Chiropractic & Manual Therapies 1/2010

Possible adverse events in children treated by manual therapy: a review

Zeitschrift:
Chiropractic & Manual Therapies > Ausgabe 1/2010
Autor:
B Kim Humphreys
Wichtige Hinweise

Competing interests

The author declares that he has no competing interests.

Abstract

Background

Pediatric manual therapy is controversial within the medical community particularly with respect to adverse events. Pediatric manual therapy (Ped MT) is commonly used by a number of professions such as chiropractors, osteopaths and naturopaths for a variety of treatments in children. Ped MT interventions range from advice, light touch, massage, through to mobilisation and high velocity spinal manipulation. However, current evidence related to adverse events associated with Ped MT is not well understood.

Objective

To update the clinical research literature from the 2007 report by Vohra, Johnston, Cramer and Humphreys on possible adverse events in children treated by spinal manipulation.

Methods

A review of the clinical research literature from June 2004 until January 2010 as reported in MEDLINE, PubMed and PubMed Central for adverse events specifically related to the treatment of pediatric cases by manual therapy.

Results

Only three new clinical studies, one systematic review with meta-analysis and one evidence report were identified. Two clinical studies reported on chiropractic care and one on osteopathic spinal manipulation in children. The systematic review investigated all studies of adverse events and manual therapy and was not specific for pediatric patients. The evidence review focused on effectiveness of spinal manipulation in a variety of musculoskeletal conditions. No serious or catastrophic adverse events were reported in the clinical studies or systematic review. However for adults, it has been estimated that between 0.003% and 0.13% of manual therapy treatments may result in a serious adverse event. Although mild to moderate adverse events are common in adults, an accurate estimate from high quality pediatric studies is currently not available.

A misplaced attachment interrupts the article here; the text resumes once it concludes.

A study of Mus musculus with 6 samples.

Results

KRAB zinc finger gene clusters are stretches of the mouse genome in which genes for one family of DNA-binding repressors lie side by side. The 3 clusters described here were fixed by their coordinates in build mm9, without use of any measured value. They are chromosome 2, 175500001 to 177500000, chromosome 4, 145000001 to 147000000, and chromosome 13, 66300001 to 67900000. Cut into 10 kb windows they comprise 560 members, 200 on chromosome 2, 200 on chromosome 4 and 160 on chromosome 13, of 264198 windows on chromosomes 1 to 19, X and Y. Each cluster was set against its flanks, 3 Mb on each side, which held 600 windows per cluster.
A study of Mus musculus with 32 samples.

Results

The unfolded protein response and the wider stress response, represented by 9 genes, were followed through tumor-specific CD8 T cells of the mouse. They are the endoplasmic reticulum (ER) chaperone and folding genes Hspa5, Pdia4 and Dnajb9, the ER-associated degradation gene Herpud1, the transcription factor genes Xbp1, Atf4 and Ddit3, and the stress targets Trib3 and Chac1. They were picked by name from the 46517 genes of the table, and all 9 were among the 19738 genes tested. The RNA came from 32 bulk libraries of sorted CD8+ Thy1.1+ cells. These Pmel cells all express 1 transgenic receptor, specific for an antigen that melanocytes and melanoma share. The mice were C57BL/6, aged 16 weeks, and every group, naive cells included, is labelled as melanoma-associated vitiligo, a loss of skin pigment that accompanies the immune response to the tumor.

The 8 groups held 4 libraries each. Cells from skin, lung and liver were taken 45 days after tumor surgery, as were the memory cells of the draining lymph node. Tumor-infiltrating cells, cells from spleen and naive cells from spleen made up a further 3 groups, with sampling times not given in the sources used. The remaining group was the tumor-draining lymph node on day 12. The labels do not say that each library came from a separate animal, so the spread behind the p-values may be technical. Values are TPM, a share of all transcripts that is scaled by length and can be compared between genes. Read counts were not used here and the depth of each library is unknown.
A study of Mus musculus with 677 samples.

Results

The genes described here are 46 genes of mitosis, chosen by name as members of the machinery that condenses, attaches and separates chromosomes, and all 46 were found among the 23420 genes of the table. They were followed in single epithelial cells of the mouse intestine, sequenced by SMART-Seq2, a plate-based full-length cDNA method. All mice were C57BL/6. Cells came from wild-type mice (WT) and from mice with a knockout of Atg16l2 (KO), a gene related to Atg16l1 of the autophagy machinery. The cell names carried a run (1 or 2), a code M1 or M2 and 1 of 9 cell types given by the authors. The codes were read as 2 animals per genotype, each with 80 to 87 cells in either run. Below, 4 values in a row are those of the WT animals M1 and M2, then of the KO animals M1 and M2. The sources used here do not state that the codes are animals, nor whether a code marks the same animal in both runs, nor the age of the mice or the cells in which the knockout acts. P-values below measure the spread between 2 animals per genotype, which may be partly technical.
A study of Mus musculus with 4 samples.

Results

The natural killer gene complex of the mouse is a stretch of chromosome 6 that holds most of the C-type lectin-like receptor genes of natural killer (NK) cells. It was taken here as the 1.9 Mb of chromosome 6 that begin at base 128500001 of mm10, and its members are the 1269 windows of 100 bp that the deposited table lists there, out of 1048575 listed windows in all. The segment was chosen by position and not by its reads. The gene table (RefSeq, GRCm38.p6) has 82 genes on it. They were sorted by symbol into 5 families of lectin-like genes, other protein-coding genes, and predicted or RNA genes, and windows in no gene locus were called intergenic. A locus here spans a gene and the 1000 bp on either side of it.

Conclusions

There is currently insufficient research evidence related to adverse events and manual therapy. However, clinical studies and systematic reviews from adult patients undergoing manual therapy, particularly spinal manipulation report that mild to moderate adverse events are common and self limiting. However serious adverse events are rare and much less than for medication commonly prescribed for these problems. More high quality research specifically addressing adverse events and pediatric manual therapy is needed.